Already in playoff mode, Notre Dame football improved to 8-0 despite a few hiccups against Navy.
The Irish have been in the hunt for the College Football Playoff for the last few weeks. Sitting at No. 3 in the AP Poll and the first CFP rankings coming out this week, it is clear for Notre Dame football – win and you’re in.
A one-loss Notre Dame team opens up a completely different conversation. Head coach Brian Kelly would rather bypass any such conversation and let his talented squad’s potentially undefeated season do the talking.
It’s highly unlikely that any team in the College Football Playoff would not have had to face any kind of adversity to get there. Adjustments, as the season goes along, are what divides teams that will be in the playoff and teams that will not.
For the Irish, it was benching starting quarterback Brandon Wimbush after a 3-0 start. It was playing the first four games without Dexter Williams. Adversity is the absurd travel schedule during the last five games of the season for the Irish.
Most recently the adversity has been a one-dimensional run game.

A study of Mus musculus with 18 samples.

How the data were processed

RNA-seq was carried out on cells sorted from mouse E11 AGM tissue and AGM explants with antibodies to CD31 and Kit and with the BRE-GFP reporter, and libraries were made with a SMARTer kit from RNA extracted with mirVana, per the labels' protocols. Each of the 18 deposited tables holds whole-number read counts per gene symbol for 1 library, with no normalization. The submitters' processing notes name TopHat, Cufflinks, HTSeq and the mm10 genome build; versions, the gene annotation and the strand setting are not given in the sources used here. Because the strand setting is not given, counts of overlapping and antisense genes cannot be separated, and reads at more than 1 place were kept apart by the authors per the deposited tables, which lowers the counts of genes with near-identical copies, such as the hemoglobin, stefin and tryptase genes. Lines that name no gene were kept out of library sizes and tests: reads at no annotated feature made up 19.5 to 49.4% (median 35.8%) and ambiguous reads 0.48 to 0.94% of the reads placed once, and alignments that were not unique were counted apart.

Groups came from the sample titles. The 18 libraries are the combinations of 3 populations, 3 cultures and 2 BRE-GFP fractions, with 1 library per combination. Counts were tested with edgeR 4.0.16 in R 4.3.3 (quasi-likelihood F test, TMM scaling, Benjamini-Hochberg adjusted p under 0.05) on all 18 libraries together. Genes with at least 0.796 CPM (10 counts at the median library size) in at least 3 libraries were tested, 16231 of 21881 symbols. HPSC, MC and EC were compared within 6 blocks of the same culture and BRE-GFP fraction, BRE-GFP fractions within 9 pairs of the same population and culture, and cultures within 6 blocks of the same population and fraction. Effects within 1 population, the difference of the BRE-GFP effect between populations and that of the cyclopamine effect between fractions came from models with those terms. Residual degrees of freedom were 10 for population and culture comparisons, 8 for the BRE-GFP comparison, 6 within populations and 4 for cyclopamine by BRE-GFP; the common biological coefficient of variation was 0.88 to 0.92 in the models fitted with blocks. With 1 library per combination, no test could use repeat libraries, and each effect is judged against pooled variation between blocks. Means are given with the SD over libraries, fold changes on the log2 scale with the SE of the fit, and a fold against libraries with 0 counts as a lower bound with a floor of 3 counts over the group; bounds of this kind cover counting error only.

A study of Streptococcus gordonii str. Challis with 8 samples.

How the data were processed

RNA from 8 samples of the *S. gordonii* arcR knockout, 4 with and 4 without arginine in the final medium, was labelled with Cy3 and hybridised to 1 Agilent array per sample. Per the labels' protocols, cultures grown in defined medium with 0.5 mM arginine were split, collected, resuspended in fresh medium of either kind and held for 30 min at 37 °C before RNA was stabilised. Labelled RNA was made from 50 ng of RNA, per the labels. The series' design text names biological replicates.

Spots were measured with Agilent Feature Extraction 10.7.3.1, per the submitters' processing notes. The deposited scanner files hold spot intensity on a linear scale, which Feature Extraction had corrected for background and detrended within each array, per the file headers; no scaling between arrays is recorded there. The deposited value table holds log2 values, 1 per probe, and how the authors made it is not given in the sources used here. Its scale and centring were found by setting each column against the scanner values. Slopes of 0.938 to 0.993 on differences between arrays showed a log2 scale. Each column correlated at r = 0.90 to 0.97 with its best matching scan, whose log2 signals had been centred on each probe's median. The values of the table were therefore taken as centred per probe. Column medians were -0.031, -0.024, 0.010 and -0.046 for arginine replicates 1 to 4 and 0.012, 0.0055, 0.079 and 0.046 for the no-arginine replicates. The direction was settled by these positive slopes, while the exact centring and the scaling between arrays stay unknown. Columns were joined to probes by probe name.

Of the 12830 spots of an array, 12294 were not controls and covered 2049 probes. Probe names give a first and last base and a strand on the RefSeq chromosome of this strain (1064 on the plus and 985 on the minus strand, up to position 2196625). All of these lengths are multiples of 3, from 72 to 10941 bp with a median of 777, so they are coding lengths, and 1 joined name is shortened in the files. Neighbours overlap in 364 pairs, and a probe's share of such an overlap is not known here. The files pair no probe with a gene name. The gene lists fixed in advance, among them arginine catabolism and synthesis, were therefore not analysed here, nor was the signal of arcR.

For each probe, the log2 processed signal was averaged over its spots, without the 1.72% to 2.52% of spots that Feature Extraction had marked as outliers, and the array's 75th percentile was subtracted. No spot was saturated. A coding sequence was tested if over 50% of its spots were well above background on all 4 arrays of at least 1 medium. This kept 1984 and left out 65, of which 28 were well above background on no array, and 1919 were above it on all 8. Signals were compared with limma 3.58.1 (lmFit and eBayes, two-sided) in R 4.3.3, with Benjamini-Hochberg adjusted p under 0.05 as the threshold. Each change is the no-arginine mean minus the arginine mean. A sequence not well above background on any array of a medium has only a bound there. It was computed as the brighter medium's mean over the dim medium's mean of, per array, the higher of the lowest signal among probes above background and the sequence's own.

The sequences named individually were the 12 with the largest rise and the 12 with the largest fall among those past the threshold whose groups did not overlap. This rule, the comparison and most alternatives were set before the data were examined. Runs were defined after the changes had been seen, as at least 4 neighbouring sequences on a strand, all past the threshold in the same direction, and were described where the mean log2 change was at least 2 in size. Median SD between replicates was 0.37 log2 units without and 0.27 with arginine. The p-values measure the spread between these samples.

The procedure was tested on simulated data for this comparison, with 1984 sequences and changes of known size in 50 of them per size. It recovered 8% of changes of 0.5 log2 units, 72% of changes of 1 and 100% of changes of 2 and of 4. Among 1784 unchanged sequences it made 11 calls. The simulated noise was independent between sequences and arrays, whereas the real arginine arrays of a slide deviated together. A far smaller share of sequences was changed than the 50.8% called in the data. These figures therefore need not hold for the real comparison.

Williams is a talent that changed the season for the Irish during his first game against Stanford. After that, Virginia Tech eliminated Williams as a threat in the first half and Pitt did even better.
A big reason why he found success rushing against Navy (142 yards and three touchdowns) is because Jafar Armstrong returned from injury.
He was able to get the run game back under control for the Irish and added the extra threat that the team needed. Rushing for 52 yards on a 5.8 yards-per-carry average and one touchdown, his impact stretched outside of that.
Armstrong was about to find himself wide open in the flat. He quickly became one of Ian Book’s favorite targets. The running back would finish with a team-best 64 receiving yards on five receptions.
Not only did Armstrong give Notre Dame the extra push that they needed for the 44-22 victory over Navy, but he will give them the push needed to round out the last four games of the regular season.